Wayne, Pa.-based SunGard Data Systems announced today its acquisition of Shanghai-based Shanghai Fudan Kingstar Computer Co. for undisclosed financial considerations.
The acquisition serves to bring SunGard, which has more than $4 billion in annual revenue and has purchased more than 150 companies in its 20-year history, an beachhead in China’s financial-services software market. Among the products that Kingstar, as the acquired company is called, offers are trading and information systems for China’s major bond market and gold markets.
That would seem to indicate this was a good acquisitive move for SunGard, bought last year by a group of private equity firms for $11.3 billion. What’s more, as financial regulations in China are eased, SunGard should be in an auspicious position to provide modified versions of the financial and trading products it provides in the US market.
Two salient questions remain, however. First, how much did SunGard pay for the acquisition of Kingstar and what assumptions did it make in assessing the valuation? Second, what assurances does SunGard have that Chinese government agencies will not favor indigenous vendors over foreign players or those now owned by foreign companies?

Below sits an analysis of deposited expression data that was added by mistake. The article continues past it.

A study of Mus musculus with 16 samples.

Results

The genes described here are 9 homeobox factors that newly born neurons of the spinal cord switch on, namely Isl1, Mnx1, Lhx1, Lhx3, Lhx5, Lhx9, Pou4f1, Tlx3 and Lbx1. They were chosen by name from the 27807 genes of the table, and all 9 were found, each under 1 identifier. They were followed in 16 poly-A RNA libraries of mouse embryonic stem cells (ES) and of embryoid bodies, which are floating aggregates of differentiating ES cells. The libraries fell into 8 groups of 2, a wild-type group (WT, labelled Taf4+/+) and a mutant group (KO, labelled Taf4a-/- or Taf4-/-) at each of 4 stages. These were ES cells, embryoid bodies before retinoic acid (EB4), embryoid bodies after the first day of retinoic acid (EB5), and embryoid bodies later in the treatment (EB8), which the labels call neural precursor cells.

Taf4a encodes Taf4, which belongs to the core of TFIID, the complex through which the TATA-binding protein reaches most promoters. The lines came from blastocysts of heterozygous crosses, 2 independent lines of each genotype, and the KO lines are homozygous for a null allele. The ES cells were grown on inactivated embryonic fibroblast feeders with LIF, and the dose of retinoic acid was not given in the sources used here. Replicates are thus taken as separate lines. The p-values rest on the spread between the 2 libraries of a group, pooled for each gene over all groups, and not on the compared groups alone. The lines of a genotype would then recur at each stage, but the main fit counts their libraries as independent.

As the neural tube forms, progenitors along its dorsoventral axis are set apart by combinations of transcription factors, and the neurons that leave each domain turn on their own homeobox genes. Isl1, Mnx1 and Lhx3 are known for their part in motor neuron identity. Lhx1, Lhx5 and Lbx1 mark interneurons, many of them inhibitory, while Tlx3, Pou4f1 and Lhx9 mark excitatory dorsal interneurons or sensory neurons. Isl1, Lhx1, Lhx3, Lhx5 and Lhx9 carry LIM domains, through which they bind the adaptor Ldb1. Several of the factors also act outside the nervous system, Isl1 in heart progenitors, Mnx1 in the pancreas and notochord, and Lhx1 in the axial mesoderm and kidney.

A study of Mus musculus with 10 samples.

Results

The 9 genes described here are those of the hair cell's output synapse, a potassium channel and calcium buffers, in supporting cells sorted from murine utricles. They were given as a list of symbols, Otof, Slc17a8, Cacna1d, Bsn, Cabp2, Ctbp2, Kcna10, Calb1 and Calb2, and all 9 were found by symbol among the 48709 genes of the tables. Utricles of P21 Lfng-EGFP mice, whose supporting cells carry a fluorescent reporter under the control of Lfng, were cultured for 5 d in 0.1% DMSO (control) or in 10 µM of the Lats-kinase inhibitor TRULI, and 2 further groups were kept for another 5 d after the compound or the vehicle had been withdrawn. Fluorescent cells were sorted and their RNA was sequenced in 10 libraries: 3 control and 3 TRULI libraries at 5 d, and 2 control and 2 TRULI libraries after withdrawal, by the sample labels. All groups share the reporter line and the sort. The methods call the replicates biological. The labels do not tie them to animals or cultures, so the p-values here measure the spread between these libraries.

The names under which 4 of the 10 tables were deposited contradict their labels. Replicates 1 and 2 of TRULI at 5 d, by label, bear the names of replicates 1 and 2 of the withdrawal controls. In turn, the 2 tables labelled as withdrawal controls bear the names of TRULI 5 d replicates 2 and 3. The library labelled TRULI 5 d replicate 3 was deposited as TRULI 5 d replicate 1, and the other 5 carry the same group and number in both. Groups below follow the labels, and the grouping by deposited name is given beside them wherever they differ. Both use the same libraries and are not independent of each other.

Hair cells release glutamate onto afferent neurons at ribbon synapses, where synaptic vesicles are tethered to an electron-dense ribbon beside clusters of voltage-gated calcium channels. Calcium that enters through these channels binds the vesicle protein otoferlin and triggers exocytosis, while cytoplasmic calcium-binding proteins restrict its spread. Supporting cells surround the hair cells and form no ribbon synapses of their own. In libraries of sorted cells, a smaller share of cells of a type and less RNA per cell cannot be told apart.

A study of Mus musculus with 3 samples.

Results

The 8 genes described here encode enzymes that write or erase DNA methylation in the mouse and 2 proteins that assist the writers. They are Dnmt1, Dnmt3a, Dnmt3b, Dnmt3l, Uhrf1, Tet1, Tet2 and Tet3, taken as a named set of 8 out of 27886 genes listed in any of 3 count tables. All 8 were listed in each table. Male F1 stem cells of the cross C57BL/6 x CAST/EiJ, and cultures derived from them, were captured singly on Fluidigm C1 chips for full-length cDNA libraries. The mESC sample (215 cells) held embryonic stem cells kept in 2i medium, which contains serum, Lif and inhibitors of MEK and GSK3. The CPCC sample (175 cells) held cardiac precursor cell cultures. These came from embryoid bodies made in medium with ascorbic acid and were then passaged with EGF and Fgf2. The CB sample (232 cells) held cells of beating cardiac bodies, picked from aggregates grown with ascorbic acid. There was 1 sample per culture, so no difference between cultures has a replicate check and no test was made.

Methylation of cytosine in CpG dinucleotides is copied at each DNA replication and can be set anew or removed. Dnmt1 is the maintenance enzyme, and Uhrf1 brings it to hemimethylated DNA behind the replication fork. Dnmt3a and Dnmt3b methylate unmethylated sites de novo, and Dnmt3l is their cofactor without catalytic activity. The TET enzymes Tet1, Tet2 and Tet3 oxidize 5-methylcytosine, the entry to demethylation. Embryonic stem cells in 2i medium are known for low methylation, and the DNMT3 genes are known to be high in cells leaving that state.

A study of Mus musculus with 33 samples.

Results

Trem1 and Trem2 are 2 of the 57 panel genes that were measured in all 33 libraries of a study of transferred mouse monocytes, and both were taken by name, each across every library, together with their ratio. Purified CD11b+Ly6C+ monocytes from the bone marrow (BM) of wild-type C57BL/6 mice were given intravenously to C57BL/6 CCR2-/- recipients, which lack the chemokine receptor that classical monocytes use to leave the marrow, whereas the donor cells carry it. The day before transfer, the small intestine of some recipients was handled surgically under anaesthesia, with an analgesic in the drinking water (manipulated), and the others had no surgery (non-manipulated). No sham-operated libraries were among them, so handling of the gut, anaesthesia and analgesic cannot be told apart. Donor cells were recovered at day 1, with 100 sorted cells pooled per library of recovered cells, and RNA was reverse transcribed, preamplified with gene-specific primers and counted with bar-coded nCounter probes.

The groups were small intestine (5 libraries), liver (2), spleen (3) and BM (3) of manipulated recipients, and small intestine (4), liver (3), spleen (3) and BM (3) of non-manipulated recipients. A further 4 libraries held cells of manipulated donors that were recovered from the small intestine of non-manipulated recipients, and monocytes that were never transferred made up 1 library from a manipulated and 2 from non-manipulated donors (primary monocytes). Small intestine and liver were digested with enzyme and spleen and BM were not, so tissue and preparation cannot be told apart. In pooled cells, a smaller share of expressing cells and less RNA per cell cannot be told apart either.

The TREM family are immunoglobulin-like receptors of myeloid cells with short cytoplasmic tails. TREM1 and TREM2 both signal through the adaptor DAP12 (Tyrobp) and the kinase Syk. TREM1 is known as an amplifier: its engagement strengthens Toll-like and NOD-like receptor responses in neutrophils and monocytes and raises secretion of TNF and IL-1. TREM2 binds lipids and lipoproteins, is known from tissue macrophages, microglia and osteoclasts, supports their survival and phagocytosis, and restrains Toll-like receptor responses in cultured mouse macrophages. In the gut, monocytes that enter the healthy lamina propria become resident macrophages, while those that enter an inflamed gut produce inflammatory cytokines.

I don’t think US companies fully understand the cultural, economic, and political terrain in China. Many still make assumptions that the rules that apply in North America and Europe are or will be applicable in China. I don’t necessarily agree with that assumption, and I think the Chinese government’s policies and stratagems need to be carefully weighed by any foreign company assuming that it can simply buy its way into markets and technologies that the Chinese government might consider sensitive.
What we might find, as in so many other matters relating to China’s relationships with Western technology companies, is that China is willing to countenance foreign involvement initially. Later, though, as the technologies are coopted and Chinese companies gain a greater understanding of how they work, domestic firms will be favored in contract negotiations.